You often hear me writing about most people being asleep most of the time in their survival based, dysfunctional ego mind. I talk about the dysfunctional ego mind ancestrally linking us back to our forefathers 1 million years ago to The Plains of Serengeti. The survival based, dysfunctional ego mind may have been very functional back then with it’s thoughts of;

– What can I eat?
– What wild animal is going to try to eat me?

In today’s world, with our primal needs met, the dysfunctional survival based ego mind is still on about; What is in it for me! What about me? I am safe? Am I approved of? Am I in control? Am I worthy? Am I recognized.

If you allow yourself to be asleep and allow the survival based dysfunctional ego mind to ask these questions of course you are not approved, in control, safe or worthy.

What is worse, as John Kehoe coined the fraise “thoughts are real forces” in his book Mind Powers –

If you or rather your survival based dysfunctional ego mind has to ask these questions it will be right looking for what is wrong and attract the evidence to be right at the same time.

I was reading an article in the Sunday, December 11th edition of The Province and there is an article in it on Strokes & Heart Attacks.

The following excerpt caught my attention.

Ezekiel speculated that in “caveman days” the heightened morning pressure may have allowed prehistoric people to go out and hunt more effectively for their first meal of the day.

Here is the whole article.

It kind of makes you think about who is running your day.

Greater risk of strokes and heart attacks in the morning


If you think you might be having a heart attack or stroke when you get up in the morning, call 911.

Half of all strokes and 40 per cent of heart attacks happen between 6 a.m. and noon. There’s no difference in morning-incidence rates by gender or by ethnic group; everybody with high blood pressure is at risk, says expert Dr. Daniel Ezekiel, a Vancouver family physician and University of B.C. instructor.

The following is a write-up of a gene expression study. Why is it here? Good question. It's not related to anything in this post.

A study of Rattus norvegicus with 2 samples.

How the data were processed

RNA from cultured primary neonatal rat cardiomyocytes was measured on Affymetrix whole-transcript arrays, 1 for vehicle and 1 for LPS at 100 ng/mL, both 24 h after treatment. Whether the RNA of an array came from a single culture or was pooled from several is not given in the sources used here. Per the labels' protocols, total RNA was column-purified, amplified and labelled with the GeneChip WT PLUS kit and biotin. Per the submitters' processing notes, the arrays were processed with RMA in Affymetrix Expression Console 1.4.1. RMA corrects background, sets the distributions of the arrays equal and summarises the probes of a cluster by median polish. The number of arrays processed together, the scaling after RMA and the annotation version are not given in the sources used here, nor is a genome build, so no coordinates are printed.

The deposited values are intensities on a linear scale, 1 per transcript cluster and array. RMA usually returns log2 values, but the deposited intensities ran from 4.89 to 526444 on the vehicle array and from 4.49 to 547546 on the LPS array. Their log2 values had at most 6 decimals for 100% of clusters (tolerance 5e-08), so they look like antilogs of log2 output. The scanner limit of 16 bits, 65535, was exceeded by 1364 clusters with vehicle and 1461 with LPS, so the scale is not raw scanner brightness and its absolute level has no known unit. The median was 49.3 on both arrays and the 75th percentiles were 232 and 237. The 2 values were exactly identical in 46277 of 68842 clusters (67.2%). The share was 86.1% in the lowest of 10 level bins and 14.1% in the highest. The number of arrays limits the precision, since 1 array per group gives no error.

Each year, 90,000 Canadians die from cardiovascular disease or strokes, but a recent study found two-thirds of those at-risk because of high blood pressure were unaware of the additional morning danger.

“Probably the reason is the [autonomic] morning blood pressure surge,” says Ezekiel. “Your blood pressure starts to rise even before you wake up, until about noon, when it comes down to normal levels.”

Ezekiel speculated that in “caveman days” the heightened morning pressure may have allowed prehistoric people to go out and hunt more effectively for their first meal of the day.

Today, says the former physician for the Vancouver Grizzlies, morning routines contain less violent stresses, but modern-day life can be just as deadly.

“I wouldn’t take salt in the morning [because it makes blood pressure rise],” he said. “I wouldn’t smoke in the morning. Reduce stress if possible: Don’t eat on the run and be organized. E-mail probably raises our blood pressure, as well.”

Because he thinks that too many people are overly medicated, Ezekiel doesn’t believe in the theory that a pill a day keeps the blood-pressure doctor away.

“I always try conservative approaches first,” adds the former cruise-ship physician. “I never put [high blood pressure] patients on pills right away.” There is some good news.

Ezekiel says younger people are better at getting the message about the need to keep blood pressure at the magic 140 reading or lower, and 130 or lower for those with diabetes.